In early 2019, Energy Trust of Oregon rolled out a new limited offering for EPS New Construction participants: Integrated Early Design Assistance (iEDA). This offering, now complete, expanded on the Early Design Assistance meeting concept to provide comprehensive support at various critical points during the design stage. This article captures key lessons learned from the iEDA offering, with tips for builders looking to replicate the integrated design process for their own projects.
Lesson 1: Meeting throughout the design process was valuable for builders, especially when exploring new design approaches.
To align on key design elements and maintain regular communication between trades, project teams convened for the following meetings as part of iEDA:
- Site planning meeting (Future Ready only): A meeting between the builder and solar teams to discuss design considerations and identify lot layout, landscape features, roof line design and orientation options that could affect total solar resource.
- Early Design Assistance meeting: The comprehensive project team assembles to discuss HVAC and domestic hot water systems, envelope features, iEDA requirements and builder goals.
- Value engineering: A meeting to confirm and finalize energy efficiency measures in the homes, discuss opportunities to reduce cost and surface potential sequencing challenges.
- Construction kick-off: An on-site meeting with subcontractors to review changes in home designs, discuss iEDA requirements, review verifier inspections, identify any training needs and sequencing challenges to ensure trades will be successful.
Lesson 2: Program verifiers play a crucial role to bring members of the project team together.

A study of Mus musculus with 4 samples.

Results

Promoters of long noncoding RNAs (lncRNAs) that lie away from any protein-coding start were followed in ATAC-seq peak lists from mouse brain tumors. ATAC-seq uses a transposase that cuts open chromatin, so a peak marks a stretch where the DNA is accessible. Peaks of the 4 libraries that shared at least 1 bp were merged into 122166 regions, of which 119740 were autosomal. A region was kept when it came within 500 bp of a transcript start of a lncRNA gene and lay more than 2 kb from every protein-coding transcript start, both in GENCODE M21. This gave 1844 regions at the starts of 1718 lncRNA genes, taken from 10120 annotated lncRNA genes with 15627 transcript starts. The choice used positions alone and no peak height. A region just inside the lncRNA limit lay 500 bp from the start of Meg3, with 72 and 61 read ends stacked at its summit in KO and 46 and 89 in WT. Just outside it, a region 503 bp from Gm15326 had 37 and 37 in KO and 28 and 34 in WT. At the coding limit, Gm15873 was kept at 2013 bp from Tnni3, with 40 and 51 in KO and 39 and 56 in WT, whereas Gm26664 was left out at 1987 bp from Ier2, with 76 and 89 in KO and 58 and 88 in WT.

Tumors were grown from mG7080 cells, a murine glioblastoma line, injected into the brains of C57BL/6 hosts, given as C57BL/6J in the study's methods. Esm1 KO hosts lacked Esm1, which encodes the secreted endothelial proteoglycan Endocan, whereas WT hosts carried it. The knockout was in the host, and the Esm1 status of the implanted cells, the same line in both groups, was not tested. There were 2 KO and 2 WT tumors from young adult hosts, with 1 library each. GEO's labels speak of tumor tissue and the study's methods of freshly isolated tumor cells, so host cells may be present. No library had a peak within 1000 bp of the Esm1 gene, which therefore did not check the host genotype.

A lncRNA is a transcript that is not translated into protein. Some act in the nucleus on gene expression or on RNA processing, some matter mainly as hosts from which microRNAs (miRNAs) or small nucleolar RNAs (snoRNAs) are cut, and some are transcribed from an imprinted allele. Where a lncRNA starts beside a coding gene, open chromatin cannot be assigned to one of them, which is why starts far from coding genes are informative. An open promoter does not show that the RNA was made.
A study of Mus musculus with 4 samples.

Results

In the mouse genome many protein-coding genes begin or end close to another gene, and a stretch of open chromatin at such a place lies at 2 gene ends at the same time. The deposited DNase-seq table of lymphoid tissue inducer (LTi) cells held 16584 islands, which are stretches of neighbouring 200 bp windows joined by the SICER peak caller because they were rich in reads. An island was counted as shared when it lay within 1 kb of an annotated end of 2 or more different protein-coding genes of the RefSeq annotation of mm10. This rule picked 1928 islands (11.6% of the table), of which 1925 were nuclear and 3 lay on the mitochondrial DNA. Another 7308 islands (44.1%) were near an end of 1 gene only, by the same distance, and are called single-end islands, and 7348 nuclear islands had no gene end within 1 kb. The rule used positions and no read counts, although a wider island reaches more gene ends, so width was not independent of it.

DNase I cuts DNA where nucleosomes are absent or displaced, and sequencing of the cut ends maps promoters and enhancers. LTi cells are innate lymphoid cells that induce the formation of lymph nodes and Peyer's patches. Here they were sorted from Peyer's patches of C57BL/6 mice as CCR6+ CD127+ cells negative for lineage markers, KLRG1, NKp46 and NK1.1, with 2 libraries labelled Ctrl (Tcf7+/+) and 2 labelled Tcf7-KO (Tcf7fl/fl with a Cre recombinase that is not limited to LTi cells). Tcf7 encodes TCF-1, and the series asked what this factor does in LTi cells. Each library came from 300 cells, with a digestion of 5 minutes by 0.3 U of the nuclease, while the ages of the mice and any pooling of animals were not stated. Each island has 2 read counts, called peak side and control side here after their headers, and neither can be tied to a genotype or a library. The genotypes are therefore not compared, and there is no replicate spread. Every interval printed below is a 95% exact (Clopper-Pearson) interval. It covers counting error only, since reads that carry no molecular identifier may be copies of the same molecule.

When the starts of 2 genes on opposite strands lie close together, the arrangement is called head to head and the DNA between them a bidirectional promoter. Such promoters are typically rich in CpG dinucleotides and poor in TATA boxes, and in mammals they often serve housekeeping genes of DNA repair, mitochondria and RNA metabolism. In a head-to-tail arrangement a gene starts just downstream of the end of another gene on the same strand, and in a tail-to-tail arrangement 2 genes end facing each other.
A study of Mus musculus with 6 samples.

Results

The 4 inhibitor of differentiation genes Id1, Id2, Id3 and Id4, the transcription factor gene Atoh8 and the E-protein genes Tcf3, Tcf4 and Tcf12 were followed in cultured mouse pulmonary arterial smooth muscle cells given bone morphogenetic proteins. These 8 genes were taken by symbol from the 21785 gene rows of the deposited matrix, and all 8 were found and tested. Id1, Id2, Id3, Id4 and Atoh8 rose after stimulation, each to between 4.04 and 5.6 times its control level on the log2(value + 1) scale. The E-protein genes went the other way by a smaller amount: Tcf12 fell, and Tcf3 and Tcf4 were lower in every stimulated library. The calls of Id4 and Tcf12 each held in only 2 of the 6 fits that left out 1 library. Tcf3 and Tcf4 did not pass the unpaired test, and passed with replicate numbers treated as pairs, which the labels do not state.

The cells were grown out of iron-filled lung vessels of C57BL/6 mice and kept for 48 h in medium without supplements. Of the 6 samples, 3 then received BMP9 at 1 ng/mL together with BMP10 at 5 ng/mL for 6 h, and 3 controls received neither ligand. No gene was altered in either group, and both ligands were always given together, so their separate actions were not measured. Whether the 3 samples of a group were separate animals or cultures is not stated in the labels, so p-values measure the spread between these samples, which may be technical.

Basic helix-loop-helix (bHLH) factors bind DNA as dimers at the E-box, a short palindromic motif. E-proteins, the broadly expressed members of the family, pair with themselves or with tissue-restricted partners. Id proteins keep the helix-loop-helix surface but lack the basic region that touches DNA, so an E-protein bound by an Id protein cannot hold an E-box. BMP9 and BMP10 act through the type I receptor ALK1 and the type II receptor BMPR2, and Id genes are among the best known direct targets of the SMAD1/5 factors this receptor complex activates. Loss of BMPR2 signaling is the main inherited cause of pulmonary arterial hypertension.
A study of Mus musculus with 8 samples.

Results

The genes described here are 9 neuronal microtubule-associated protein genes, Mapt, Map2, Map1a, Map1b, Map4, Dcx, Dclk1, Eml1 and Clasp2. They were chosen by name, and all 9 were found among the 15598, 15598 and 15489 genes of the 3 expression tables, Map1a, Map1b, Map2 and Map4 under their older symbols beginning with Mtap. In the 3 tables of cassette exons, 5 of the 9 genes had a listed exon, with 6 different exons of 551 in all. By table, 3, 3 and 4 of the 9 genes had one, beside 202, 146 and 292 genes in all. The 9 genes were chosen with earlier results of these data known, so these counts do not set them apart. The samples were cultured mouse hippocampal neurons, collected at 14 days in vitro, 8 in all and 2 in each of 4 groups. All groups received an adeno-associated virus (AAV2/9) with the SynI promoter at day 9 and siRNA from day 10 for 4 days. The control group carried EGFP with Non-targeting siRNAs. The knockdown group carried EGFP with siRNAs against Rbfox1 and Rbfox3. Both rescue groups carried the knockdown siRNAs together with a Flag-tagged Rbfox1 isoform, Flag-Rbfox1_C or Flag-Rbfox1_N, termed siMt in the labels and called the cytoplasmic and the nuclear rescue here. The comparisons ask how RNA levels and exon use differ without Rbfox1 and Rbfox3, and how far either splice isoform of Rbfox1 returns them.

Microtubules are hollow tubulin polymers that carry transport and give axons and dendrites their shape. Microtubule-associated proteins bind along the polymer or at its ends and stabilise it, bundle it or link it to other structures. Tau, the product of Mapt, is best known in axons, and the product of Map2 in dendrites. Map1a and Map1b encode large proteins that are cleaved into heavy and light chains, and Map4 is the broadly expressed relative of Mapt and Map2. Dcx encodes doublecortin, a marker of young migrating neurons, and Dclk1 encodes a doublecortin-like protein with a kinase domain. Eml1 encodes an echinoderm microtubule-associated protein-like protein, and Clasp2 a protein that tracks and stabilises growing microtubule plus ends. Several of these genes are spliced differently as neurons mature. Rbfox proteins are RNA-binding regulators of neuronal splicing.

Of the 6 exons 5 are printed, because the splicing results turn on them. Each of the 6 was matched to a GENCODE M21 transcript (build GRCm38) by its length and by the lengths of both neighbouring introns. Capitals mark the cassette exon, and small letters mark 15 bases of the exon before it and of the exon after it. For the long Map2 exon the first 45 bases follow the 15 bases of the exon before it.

Participating builders relied heavily on their verifiers to plan discussion topics in advance of each meeting, to make document decisions and to prepare energy models to inform on cost effective measures. Verifiers are in a position to help project teams early, then later in the building process, because they advise on energy efficiency approaches upfront then verify them as built conditions in homes.
Lesson 3: Project teams surfaced more sequencing and design questions than anticipated, saving the need for change orders down the road.
As an example, the iEDA meetings presented an opportunity for a builder to confirm home systems early in the design process. Knowledge of the future home energy load enabled the solar contractor to correctly size the solar system for the home. If a builder were to change the space or water heating system from electric to gas, then the solar contractor must revise the solar bid for that home.
While iEDA is no longer an active offering, builders can still leverage the standard Early Design Assistance $500 incentive to convene meetings with their project teams. Builders can also claim a further $500 when the meeting includes a solar trade ally. To learn more, visit the EPS overview page on INSIDER and scroll down to Early Design Assistance or email email@example.com.